It’s Thursday, kiddies: the day when I roll out a few things I’ve been reading over the past week. Three of ‘em, to be exact. Enjoy. (Remember: click on the bold print to read the entire article.)
(via @ryanstigile) As usual, Ryan has some great insight here. If you’re considering multi-site – or you’re already there – this is a must-read.
Just a few years ago, multisite was one strategy churches considered for reaching more people. Now it seems the standard strategy for every church. It’s rare anymore that I come into contact with a pastor of 800+ who isn’t already thinking about new campuses.
We think you should think twice before launching another campus. Whether you are an existing or future multisite church, we want you to be as strategic as possible to reach as many people as possible. This month, we’re going to try to talk you out of going multisite — or at least out of going before you are ready. We’re not going to give you pie-in-the-sky ideals of how great it is to be multisite and why every church should launch a campus next year. You can find plenty of that on your own. Instead, we’re going to share the challenges, pitfalls, and shortcomings our team has seen and experienced with multisite churches.
(via @Time) I love a few things: political stories, behind-the-scenes-of-big-event-stories, and stories where the two of those are combined. Whether you’re Dem or Repub, you’re sure to find something that makes you mad here:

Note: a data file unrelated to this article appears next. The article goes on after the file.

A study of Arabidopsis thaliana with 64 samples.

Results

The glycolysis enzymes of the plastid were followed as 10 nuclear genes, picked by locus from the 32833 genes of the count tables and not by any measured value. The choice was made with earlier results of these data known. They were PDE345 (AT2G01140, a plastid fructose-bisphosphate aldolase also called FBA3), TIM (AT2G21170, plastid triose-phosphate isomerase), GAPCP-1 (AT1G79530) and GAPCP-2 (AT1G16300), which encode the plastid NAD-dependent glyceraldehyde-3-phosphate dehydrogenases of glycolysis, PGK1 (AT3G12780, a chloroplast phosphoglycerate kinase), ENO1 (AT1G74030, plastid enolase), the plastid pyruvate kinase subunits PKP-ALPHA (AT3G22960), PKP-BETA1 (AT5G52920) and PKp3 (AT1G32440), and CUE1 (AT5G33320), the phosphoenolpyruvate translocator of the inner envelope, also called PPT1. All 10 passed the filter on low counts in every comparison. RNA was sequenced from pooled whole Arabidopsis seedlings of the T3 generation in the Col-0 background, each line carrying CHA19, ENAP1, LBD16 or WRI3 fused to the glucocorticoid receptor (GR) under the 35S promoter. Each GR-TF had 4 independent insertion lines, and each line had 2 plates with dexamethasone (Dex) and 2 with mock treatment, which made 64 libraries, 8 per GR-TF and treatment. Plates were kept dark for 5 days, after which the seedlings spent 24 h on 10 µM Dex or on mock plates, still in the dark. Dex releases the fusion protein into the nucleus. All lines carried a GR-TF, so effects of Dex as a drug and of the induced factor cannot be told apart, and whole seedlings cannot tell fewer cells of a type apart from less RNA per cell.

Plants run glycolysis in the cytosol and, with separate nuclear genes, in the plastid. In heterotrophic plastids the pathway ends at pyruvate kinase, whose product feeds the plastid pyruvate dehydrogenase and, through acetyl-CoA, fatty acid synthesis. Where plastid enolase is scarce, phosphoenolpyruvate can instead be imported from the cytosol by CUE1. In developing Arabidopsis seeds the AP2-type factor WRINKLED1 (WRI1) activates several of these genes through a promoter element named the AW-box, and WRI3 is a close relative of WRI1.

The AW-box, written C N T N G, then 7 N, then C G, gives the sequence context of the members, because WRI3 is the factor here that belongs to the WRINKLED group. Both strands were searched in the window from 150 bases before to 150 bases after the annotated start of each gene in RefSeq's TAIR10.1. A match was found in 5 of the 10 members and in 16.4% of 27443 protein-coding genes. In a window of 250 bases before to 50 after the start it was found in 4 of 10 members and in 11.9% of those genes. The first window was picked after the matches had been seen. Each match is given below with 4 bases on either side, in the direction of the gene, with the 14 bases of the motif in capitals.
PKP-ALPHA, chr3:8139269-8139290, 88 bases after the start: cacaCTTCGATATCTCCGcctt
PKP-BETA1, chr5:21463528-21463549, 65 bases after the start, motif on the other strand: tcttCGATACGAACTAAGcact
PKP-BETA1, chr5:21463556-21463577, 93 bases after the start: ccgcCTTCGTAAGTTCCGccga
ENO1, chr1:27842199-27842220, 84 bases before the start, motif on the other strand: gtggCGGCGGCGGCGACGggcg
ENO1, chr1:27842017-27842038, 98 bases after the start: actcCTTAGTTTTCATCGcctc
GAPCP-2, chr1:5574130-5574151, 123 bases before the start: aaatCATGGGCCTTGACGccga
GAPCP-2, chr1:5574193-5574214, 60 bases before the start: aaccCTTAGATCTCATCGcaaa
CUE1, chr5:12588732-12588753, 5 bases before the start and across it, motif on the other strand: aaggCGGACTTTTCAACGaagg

With its color-coded floor plan and handmade signs hanging from the ceiling, Hillary Clinton’s campaign headquarters sprawls across a maze of cubicles and shared desks filling two floors of a Brooklyn office tower. Defined by youth, ambition and smarts, the largely millennial crew here is the most advanced digital, policy, analytics and communications operation since Barack Obama mounted a $1 billion-effort in 2012.
But in a season that has upended all the rules, such strength can also be a weakness. Overwhelming force can turn unwieldy, and Clinton’s aides have struggled for a year to battle insurgent foes Bernie Sanders and Donald Trump, who operate out of makeshift offices built less around corporate flow plans than a never-ending focus on letting the candidates do exactly what they want.
(via @premiumfunny) Tripp and Tyler deliver up their normal humor, with a bonus in-yo-face commercial at the end! (Feel free to skip that one.)